Why Japan Is Expanding Its Military in Africa
Sitting astride the Bab el-Mandeb Strait, which separates the Red Sea from the Indian Ocean and sees 30 percent of the world’s shipping traffic, Djibouti has become the center of geostrategic competition in Africa in recent years. China’s bid to build its first military base in the small desert nation made headlines late last year, especially due to the installation’s proximity to the biggest American facility on the African continent. Japan has also recently stepped into the fray: Tokyo has entered into negotiations with Djibouti’s government to expand its small military outpost there and to bring in C-130 transport aircraft, Bushmaster armored vehicles and extra personnel.
After Djibouti’s long-time President Ismail Omar Guelleh decided to kick out a secondary American outpost in the south of the country to make space for China’s future facility, Tokyo naturally grew concerned that its only African facility could face a similar fate. Japan realized that Guelleh’s increasingly erratic behavior could seriously imperil its national security, especially after the Djibouti strongman secured a fourth consecutive term in power in April by killing dozens of opposition figures, gagging journalists and torturing activists.
However, Japan’s surprise decision to expand its Djibouti base goes beyond guaranteeing its security interests. Instead, the move should be seen within the context of Tokyo’s growing desire to engage with the African continent and counterbalance China’s aggressive behavior in the South China Sea and elsewhere. The sixth Tokyo International Conference on African Development (TICAD), which brought together Japan and the African Union on August 27 and 28, was held in Africa for the first time and resulted in pledged investments in development projects worth a cool $30 billion – coming on top of $32 billion promised at the 2013 TICAD. These generous investments serve the long term goals Japan has set for Africa: with China’s economy slowing down and with many export-dependent countries feeling abandoned by Beijing – including Angola and South Africa - Tokyo is ready to fill the void.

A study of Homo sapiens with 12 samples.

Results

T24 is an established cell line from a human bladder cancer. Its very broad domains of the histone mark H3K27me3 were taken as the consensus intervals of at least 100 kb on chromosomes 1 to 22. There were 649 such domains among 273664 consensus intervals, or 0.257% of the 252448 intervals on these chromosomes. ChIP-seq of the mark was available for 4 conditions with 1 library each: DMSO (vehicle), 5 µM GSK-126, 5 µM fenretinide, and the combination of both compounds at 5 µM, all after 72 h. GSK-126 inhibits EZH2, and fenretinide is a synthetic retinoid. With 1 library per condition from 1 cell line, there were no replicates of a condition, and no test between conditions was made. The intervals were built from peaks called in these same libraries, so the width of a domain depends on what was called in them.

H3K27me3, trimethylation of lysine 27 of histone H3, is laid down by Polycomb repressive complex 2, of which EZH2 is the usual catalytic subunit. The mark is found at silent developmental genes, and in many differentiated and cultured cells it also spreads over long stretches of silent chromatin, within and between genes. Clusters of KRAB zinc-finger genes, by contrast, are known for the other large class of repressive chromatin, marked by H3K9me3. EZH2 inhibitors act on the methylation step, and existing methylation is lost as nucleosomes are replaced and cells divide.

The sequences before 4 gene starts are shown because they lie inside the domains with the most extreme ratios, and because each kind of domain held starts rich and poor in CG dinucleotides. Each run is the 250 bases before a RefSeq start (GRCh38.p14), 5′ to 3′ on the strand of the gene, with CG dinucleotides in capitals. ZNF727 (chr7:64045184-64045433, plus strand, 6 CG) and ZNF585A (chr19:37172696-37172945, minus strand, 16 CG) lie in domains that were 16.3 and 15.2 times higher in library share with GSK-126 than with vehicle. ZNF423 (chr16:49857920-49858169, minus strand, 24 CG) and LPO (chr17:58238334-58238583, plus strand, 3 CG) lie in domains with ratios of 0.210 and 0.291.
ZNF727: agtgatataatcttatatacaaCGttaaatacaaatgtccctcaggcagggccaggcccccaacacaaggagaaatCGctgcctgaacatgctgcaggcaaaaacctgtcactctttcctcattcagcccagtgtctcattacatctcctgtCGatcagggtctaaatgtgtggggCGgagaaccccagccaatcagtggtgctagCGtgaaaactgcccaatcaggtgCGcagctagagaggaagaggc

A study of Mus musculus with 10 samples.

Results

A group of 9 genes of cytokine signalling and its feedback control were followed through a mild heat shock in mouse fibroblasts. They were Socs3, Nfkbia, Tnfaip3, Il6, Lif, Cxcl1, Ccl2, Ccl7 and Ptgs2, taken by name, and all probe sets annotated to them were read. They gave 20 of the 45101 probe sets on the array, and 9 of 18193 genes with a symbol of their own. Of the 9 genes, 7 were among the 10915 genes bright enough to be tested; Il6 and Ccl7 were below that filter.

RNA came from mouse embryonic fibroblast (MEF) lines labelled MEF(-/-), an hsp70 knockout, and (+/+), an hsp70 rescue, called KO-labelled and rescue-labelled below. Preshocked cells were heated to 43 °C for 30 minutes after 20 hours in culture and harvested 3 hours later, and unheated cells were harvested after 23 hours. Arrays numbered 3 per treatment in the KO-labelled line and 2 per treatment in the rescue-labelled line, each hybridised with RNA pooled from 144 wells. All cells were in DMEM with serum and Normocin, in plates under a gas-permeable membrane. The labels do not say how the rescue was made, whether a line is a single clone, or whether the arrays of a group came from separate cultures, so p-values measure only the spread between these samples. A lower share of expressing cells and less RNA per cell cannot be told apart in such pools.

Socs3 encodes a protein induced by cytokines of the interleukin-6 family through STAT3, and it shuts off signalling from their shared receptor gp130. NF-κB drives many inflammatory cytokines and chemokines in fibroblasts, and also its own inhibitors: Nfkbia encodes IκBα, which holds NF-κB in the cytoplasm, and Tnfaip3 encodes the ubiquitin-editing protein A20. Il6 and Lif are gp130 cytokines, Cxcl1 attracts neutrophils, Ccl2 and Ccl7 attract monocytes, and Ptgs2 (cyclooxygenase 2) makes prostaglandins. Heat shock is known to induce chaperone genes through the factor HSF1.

In Asia, Japan’s parallel quest for allies has continued apace. China’s large-scale land reclamations in the South and East China Seas have burned bridges with many ASEAN countries. Mounting evidence of the artificial islands’ military purposes will accelerate that trend even more. As Thomas Shugart showed, Beijing is now able to strike targets in the Philippines and Singapore with land-attack ballistic missiles, cruise missiles and airpower from Fiery Cross, Subi and Mischief Reef. The Chinese military could also deploy an anti-access area-denial (A2/AD) system overnight. Mischief Reef’s land perimeter alone is the size of the District of Columbia, boasting sufficient space for mobile attack systems and a 10 thousand foot runway. This aggressive new posture has thoroughly undercut the mantra of “a peaceful rise.”
As such, Tokyo is looking to deepen its ties with those countries that share its unease with China’s resurgence. In September, the Japanese government announced it would deliver two new patrol ships to Vietnam after a previous delivery of ten patrol vessels to the Philippines. Additionally, and after tough negotiations, Japan and South Korea put to rest the issue of “comfort women” in a deal brokered with the help of the United States in December 2015. When the agreement was reached, President Obama praised all sides for demonstrating great “courage and vision to forge a lasting settlement to this difficult issue.” While some groups with ties to North Korea (like Chong Dae Hyup) are trying to force Seoul’s hand and undermine the agreement, Japanese prime minister Shinzo Abe and his South Korean counterpart Park Geun-hye, the daughter of South Korean general Park Chung-hee, have jointly managed to calm nationalist elements and secure what was widely heralded as a big diplomatic win.
The Japan-United States-Australia Trilateral Strategic Dialogue, constitutes another key partnership for Tokyo. At their most recent meeting in Washington this past July, the foreign ministers of the three countries united to express their opposition to China’s reclamation moves in the South China Sea.